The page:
Canberra’s notorious energy-sucking rental iceboxes and swelter shelters may soon be banished to the past under a government proposal for landlords to meet a minimum standard for ceiling insulation, as part of overall plans for minimum energy efficiency standards.
Consultation has opened on how the government’s plans will be implemented, including a phase-in period.
Energy Minister Shane Rattenbury said the lack of adequate insulation contributed to unhealthy homes and cost tenants far too much to heat and cool their rented premises.
“Everyone deserves to live in a home that is comfortable and energy-efficient, but due to poor energy efficiency in our buildings, many Canberrans are living in homes that are expensive to heat in winter and cool in summer,” he said.
“Not only is there an economic impact; in many cases, this is having a negative effect on health and wellbeing.”
Mr Rattenbury said some homes were dangerously cold in winter and then dangerously hot in summer.
“It is often the case that those with the least capacity to pay have no choice but to live in properties that are the most expensive to heat and cool – this is inequitable, and this new minimum standard will help address this issue,” he said.
This new consultation will complement previous work related to the government’s long-held intention to introduce minimum energy efficiency standards for rental properties. This is the first stage in implementing these standards.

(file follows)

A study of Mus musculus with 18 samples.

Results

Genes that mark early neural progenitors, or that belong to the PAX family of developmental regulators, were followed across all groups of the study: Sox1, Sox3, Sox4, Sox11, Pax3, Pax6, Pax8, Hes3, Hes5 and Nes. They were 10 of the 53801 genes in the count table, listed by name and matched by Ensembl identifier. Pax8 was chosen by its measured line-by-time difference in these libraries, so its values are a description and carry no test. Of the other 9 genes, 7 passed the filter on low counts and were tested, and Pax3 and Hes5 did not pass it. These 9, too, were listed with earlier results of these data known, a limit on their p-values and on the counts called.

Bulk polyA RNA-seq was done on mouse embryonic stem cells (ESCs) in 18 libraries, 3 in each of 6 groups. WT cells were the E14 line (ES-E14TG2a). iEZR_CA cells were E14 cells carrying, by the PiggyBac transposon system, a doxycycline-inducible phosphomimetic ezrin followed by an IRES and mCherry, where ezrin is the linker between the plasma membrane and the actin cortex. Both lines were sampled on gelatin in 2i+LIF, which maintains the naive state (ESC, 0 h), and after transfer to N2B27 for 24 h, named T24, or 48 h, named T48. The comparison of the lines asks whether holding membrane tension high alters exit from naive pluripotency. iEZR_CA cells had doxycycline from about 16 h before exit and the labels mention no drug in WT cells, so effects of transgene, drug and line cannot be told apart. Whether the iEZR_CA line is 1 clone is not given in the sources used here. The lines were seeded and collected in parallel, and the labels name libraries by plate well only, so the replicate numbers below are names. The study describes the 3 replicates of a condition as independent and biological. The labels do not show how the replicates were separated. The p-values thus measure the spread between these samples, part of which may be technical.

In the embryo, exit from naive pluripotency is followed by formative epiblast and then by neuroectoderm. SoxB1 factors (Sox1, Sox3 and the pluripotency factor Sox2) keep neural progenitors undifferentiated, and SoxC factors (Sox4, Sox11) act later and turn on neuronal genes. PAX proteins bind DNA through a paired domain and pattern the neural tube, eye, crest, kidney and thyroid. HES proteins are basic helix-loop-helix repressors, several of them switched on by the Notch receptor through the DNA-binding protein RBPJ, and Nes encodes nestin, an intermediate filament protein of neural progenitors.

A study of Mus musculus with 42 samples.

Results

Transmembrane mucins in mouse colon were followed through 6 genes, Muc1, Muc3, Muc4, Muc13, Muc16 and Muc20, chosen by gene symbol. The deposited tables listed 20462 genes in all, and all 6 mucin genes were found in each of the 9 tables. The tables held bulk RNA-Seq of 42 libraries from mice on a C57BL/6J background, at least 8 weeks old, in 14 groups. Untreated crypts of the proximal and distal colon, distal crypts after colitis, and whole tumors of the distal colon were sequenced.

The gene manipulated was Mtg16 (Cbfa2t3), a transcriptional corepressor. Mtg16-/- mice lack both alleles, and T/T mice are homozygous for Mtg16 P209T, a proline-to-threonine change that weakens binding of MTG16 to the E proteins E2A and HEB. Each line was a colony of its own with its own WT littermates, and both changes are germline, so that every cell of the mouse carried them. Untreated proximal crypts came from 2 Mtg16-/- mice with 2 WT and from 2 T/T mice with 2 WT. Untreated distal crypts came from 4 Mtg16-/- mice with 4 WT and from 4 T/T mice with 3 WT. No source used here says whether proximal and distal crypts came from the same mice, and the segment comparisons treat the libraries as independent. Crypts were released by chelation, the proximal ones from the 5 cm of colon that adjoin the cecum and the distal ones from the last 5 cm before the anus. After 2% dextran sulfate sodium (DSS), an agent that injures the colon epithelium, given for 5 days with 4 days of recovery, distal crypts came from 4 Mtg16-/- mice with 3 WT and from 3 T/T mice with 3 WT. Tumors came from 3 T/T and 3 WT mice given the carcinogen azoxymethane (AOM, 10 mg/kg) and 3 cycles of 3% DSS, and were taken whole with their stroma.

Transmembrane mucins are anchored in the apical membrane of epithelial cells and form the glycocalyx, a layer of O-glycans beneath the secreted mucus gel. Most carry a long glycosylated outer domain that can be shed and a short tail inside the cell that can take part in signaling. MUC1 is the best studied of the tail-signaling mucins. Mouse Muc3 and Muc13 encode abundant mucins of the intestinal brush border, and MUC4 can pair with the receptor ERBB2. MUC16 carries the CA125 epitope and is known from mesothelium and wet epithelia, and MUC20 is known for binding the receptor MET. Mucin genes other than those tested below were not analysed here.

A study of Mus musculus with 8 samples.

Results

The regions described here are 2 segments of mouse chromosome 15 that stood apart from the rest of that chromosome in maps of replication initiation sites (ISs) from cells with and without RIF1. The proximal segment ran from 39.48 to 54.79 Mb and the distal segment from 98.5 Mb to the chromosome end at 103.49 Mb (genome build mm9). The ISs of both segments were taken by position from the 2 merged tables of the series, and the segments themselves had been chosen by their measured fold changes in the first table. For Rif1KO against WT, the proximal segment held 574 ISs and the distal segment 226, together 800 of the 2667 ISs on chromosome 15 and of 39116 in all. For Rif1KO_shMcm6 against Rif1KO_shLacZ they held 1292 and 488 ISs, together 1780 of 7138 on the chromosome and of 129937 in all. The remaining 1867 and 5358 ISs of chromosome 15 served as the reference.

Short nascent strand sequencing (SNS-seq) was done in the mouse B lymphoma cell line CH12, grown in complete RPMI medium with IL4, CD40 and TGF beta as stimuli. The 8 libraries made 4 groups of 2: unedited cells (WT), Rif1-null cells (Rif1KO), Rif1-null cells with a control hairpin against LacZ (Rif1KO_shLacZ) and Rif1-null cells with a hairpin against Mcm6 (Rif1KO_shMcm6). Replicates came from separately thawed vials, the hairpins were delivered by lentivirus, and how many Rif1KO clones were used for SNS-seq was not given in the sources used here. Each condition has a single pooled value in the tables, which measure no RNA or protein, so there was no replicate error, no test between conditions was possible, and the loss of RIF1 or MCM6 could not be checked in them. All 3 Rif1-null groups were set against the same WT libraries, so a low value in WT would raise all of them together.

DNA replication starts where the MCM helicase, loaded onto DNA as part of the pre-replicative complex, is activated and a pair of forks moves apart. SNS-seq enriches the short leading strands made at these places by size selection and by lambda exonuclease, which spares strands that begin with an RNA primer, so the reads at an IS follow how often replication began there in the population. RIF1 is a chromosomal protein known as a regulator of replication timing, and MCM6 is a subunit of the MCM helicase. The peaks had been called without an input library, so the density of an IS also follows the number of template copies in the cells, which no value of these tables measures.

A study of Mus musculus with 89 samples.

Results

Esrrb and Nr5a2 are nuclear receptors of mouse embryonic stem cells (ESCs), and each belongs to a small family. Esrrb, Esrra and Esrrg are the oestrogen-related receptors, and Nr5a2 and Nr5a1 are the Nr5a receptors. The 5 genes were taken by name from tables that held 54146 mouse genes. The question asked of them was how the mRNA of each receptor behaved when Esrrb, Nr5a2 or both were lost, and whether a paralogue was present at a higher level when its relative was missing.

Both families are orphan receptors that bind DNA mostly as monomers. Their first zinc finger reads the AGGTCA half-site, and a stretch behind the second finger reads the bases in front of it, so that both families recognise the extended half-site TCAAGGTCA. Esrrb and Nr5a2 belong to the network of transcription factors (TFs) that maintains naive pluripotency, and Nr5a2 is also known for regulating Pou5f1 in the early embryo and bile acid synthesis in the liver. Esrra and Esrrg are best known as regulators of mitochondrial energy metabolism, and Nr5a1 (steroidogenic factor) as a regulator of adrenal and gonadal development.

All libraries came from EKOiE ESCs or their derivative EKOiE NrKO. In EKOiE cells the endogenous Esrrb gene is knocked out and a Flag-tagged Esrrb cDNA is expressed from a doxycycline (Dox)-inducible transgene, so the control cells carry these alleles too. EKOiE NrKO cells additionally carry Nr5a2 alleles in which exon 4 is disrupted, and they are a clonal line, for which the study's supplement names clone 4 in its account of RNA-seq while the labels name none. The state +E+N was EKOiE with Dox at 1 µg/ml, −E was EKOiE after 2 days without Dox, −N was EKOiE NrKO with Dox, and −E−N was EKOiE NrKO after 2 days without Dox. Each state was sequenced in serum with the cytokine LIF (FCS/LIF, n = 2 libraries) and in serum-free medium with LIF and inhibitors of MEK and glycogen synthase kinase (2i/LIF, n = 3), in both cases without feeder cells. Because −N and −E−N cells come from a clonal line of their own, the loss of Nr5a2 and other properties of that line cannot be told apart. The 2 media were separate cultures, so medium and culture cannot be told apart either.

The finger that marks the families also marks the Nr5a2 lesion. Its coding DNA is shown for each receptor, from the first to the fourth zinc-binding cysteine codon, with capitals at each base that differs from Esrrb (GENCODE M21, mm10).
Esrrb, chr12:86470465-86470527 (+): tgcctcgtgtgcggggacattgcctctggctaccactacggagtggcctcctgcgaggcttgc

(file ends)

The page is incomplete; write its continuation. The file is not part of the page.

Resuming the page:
“We now want to further involve the community, particularly renters and rental providers, in charting the pathway to getting this new insulation standard in place,” Mr Rattenbury said.
The government wants to hear from the general community, but especially renters and landlords on a number of issues before drafting legislation to introduce the regulation in the middle of next year.
Key issues include how long the phase-in period should be for the new energy efficiency standard, what financial assistance should be provided, what safety measures will be required and when any work should be required to be undertaken, such as at the start of a lease or at any time in the phase-in period.
The ACT Council of Social Service (ACTCOSS) welcomed the move, saying more than a third of Canberrans rent their home and pay the highest rents of any Australian capital city.
ACTCOSS CEO Dr Emma Campbell said these households should be guaranteed that their home doesn’t compromise their health or contribute to further financial stress through poor energy efficiency and high energy bills.
“This is a good start, but it is only a start. We are pleased that the ACT Government recognises this and has committed to consider additional measures in future stages,” she said.
“We also welcome the consideration of measures complementing ceiling insulation such as draught-proofing, double glazing or curtaining in this first stage. These are critical to ensuring the benefits of better ceiling insulation are fully realised, rather than literally slipping through the gaps.
“Future stages of this policy will have to address the need for minimum standards around energy-efficient heating and cooling of rental properties. The ACT Government should set out a clear path towards realising this during this first stage.”
ACTCOSS, which is part of the national Healthy Homes for Renters campaign, will be making a submission and urges others to have their say.
The consultation closes on 19 December. To learn more, visit the YourSay website.